What to Consider When Becoming a Full Stack Web Developer or Web Designer

What to Consider When Becoming a Full Stack Web Developer or Web Designer

Who counts as a full stack web developer? I’ve always had this concept in my head. What if I could wake up one day and think…”We need a better project management app…I’m going to build it.” or “I have this great idea that I know my friends would use, I want to see how it goes.” and actually do it…make it happen?


I’ll be honest, that’s my goal. Without a doubt it is a ridiculous amount to a) learn and b) gain experience in. You also can’t be super talented and innovative at all of it. But for the most part, you could see your vision unfold in front of your eyes with you as the main component allowing it to happen. A Dr Frankenstein type relationship if you were to label it that way. What a sense of accomplishment it would be. So let’s get it started and make the first step of the journey becoming a full stack web developer.


First off, Full Stack Web Developers are in HIGH demand. Developers that can code programmatically and have a great understanding of front-end code are diamonds in the rough. However, my concept of being an evangelist adds one more layer on top of that. As much as you have the code solidified and working, you want to still be able to make the entire system look unique and polished from a visual point of view but also from a psychological perspective. How users use your application, what features you improve and how the application works for them all filters down to each individual line of HTML, CSS or PHP. Possessing this kind of skill makes you almost invaluable as you can relate to Back-End Developers, Front-End Developers, and UX Designers but even more importantly, it allows you to really get to grips with how each discipline effects the other.

2. A Full Stack Web Developer Sticks to a Stack

Choosing your stack is super important. You need to decide what languages you are most comfortable with. Aside from UX Design which is mainly theory and implementation. A solid grip of HTML, CSS and Javascript is a must. When it comes to the backend, although there seems to be plenty of debate about what language to use for whatever application you’re building, PHP seems the most logical to me. It’s easy to understand, open source with a huge community, and is used in the build process of some of the biggest web services we know today.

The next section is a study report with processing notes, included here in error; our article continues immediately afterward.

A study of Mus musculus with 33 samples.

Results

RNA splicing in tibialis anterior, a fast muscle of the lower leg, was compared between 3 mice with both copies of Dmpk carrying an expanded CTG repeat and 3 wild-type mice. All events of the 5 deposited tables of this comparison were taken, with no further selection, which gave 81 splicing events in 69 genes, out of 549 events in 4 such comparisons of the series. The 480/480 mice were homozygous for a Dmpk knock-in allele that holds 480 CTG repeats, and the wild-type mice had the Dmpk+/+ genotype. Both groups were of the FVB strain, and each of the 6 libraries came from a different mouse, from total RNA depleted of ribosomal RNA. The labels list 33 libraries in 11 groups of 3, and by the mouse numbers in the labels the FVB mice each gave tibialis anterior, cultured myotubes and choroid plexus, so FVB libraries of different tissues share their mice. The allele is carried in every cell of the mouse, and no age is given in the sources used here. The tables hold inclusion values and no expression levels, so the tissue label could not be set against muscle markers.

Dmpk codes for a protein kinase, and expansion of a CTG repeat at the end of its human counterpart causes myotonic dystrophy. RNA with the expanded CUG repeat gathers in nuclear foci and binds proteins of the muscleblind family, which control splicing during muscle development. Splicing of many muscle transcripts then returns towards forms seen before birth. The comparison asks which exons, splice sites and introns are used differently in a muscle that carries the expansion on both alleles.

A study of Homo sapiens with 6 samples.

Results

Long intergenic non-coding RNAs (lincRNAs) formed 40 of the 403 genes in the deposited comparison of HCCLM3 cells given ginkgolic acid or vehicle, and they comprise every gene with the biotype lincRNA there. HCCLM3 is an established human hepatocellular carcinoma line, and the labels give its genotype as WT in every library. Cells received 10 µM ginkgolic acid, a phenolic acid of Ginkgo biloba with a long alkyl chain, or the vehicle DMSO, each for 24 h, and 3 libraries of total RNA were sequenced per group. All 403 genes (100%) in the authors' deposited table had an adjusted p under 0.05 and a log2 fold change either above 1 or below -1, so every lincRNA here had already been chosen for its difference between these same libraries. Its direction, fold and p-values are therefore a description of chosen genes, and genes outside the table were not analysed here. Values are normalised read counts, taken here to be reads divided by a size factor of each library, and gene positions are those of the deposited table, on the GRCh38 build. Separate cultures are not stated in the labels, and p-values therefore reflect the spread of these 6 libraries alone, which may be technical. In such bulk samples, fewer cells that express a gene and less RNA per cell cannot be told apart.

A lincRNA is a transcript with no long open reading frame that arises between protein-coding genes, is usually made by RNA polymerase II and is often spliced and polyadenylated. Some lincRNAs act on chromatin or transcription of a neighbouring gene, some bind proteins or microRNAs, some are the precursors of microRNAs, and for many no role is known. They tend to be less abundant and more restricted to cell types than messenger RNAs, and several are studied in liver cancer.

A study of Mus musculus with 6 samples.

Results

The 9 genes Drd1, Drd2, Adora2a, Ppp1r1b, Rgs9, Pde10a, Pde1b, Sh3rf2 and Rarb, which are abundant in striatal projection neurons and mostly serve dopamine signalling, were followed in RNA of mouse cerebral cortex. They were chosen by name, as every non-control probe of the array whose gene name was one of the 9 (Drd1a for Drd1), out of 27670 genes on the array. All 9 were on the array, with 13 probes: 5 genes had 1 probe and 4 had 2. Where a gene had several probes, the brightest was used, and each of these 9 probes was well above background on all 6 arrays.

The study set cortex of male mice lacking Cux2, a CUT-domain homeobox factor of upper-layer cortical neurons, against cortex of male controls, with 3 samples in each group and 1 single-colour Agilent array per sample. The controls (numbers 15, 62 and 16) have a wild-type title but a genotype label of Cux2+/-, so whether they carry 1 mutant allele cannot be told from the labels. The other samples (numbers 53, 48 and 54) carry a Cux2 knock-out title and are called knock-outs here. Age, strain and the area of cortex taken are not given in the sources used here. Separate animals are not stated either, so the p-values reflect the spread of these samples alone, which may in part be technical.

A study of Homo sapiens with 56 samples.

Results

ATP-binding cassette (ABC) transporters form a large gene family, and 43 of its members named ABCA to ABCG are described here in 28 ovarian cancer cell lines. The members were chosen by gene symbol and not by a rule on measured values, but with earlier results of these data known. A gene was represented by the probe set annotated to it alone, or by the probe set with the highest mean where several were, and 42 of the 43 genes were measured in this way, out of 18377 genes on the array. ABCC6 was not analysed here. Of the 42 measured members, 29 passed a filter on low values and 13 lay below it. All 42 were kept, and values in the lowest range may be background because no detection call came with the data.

What I have described above is your basic LAMP stack – Linux, Apache, MySQL, PHP.

When we start getting into the L and A side of things we begin looking a sysadmin role. Running shell scripts through Terminal or Putty, installing virtual machines, adding virtual host files and editing Apache’s default settings and routes. You don’t need to be a qualified sysadmin, but a good understanding and hands on experience would definitely help a ton.


Every developer I’ve met has their own style of development. From favourites with regards to code editors, workflows, naming conventions and more. Being creative in this process makes the process itself more unique and more creative. Whether it’s how you layout your Photoshop layers, name your CSS classes, tab your HTML or camelCase your Javascript make sure its unique to you. Even when it comes down to the way your programming logic is layed-out, whether you use PHP includes to structure file directories or a specific Class naming convention it’s important that it makes sense to you, innovates and inspires others. Who said programming couldn’t be creative?

4. Full Stack Web Developer 101: Be Mindful Of Trends, then Re-Invent

Trends are here to inspire us, to gain traction. But we should never blatantly duplicate them. It’s best to borrow. Maybe your app is really clean and minimal, maybe it draws inspiration from flat design. Most importantly, whatever you design must a) be code-able b) work for the user, not against them. Always make sure the each experience you develop is “user-centric” and not anything else. Even if you get excited about some feature that you could code up that “you” think is cool, if it doesn’t work for the average internet user, well…you have a problem and your hard-work will be for nothing.

Most importantly, your idea is what will shape your entire experience. If it excites you it will give you the motivation to carry on. Always give it some attention and it will take care of you in return. Lastly, make sure that you have a really great understanding of your technology stack. Its essentially your tool belt. See what others are saying on the net. Make sure you speak to developers that are authorities in niche fields, so things like Database Management, PHP / AJAX, WordPress, SEO etc. They will give you a months worth of learning in a few hours. So, do you want to become a full stack web developer?

This is a repost of this article with the permission of the blogger. Daine Mawer is a Web Developer, Blogger, WordPresser who likes to make cool stuffs for a living.